This is an actual photograph of Mars!

The sand on Mars is from basalt, which is a darkish gray color. The red comes from much smaller dust particles which settle everywhere.

But what are those weird tendril thingies?

In the Martian winter, carbon dioxide freezes out of the air. In the summer, that CO2 sublimates; that is, turns directly from a solid to a gas. When that happens the sand gets disturbed, and falls down the slopes in little channels, which spreads out when it hits the bottom. But this disturbs the red dust, too, which flows with the sand. When it's all done, you get those feathery tendrils.


15 Responses:

  1. 4hour_ramona says:

    outer space is freaky cool.

  2. ranotops says:

    Soooo how do the tendrils get there? The explanation is the most confusing part.

  3. cnoocy says:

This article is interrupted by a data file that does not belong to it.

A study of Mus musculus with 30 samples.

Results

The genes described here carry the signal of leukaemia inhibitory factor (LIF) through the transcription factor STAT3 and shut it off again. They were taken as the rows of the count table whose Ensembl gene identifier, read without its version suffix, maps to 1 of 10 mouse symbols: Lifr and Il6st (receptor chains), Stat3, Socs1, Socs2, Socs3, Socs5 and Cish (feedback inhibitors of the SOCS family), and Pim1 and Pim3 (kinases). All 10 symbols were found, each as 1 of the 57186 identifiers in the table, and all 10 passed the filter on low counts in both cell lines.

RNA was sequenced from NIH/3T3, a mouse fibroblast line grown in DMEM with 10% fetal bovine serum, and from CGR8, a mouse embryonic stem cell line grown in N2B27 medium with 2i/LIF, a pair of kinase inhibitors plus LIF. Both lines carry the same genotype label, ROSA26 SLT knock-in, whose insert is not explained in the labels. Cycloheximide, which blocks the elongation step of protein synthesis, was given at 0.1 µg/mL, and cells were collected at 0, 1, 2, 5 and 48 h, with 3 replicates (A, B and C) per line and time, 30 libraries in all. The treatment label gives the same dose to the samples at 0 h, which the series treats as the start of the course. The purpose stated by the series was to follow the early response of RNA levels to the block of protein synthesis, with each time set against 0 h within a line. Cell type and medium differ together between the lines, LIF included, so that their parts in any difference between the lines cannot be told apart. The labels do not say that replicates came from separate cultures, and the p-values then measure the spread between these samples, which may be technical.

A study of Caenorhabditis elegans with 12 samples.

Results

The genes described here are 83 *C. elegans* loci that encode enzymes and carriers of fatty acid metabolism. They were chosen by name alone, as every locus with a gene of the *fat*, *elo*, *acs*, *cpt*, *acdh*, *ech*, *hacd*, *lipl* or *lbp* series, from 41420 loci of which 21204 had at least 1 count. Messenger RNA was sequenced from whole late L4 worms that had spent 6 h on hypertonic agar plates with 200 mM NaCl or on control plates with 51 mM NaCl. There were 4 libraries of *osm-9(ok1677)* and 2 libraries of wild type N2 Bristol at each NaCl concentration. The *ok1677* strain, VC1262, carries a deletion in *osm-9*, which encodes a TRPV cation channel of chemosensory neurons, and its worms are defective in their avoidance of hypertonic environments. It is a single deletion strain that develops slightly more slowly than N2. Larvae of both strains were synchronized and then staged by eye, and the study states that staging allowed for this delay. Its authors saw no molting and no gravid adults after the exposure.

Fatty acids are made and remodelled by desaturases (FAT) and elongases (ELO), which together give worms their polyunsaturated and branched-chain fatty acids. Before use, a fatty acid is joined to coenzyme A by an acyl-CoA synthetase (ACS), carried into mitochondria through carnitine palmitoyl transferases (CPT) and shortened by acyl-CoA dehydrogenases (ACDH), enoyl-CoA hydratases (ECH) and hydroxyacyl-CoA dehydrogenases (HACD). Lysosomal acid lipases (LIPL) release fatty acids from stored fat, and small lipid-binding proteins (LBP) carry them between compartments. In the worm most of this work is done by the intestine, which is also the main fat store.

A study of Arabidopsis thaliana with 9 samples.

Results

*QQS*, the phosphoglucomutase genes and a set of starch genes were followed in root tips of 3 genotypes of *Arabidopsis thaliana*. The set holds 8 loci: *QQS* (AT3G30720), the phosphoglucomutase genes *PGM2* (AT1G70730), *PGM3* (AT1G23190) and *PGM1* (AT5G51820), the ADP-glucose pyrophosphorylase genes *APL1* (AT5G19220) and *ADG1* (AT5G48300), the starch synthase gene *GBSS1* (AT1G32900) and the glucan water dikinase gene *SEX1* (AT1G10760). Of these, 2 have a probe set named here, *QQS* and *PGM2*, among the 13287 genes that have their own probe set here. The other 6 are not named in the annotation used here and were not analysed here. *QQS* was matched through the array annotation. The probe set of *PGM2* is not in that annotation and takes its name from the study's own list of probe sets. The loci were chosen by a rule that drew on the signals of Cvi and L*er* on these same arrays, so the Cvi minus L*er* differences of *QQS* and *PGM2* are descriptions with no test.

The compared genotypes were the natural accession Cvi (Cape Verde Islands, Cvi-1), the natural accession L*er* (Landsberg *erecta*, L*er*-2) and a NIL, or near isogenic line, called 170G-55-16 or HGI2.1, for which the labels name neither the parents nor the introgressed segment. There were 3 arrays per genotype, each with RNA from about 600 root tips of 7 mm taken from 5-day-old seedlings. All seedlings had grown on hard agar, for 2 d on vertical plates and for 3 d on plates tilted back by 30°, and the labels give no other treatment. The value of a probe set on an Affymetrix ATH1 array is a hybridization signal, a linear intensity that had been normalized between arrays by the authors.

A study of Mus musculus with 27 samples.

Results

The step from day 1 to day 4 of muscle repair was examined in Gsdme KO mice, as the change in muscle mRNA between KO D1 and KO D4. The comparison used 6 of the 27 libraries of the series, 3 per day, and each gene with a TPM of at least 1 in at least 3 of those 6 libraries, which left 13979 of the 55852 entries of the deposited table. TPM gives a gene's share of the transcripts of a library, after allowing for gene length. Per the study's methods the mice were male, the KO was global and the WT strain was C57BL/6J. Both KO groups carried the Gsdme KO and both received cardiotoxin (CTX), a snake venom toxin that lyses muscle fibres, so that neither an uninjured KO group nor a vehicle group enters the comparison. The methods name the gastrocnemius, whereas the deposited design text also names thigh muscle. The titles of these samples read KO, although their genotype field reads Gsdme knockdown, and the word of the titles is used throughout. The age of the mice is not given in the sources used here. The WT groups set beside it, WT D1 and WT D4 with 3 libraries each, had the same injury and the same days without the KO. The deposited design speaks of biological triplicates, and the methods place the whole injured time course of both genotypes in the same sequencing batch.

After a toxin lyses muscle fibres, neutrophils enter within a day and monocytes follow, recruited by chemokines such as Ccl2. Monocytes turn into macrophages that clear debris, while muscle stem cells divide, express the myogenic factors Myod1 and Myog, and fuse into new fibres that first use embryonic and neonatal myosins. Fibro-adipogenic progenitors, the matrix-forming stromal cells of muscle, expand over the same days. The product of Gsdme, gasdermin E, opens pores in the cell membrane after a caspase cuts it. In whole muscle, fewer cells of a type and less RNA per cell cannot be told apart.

They look like eyelashes. Mars is just a huge Salvador Dali painting.

    • Of course they are eyelashes! Can't you see the eyes?

      Oh my god they're looking right at me

    • prog says:

      In fact my first reaction on seeing this photograph, prior to reading the text, was to shudder at what appeared to be a close-up of a sleeping Gibbering Mouther, and assumed that jwz was doing his part to keep us up to date on the latest squishy horror discovered by deep-sea mapping robots or whatnot.

  4. jabber says:

    They're obviously groves of trees. Trees populated by 10 foot tall blue people.

  5. pixel_juice says:

    Reminds me of the Amity Island sand in Jaws. Don't think? Naw...they killed it.

  6. kencf0618 says:

    Spectacular. Literally.

  7. spider88 says:

    Awesome that the planet of men is covered in vulvas.

  8. barrkel says:

    Looks like so much strawberry ice cream to me.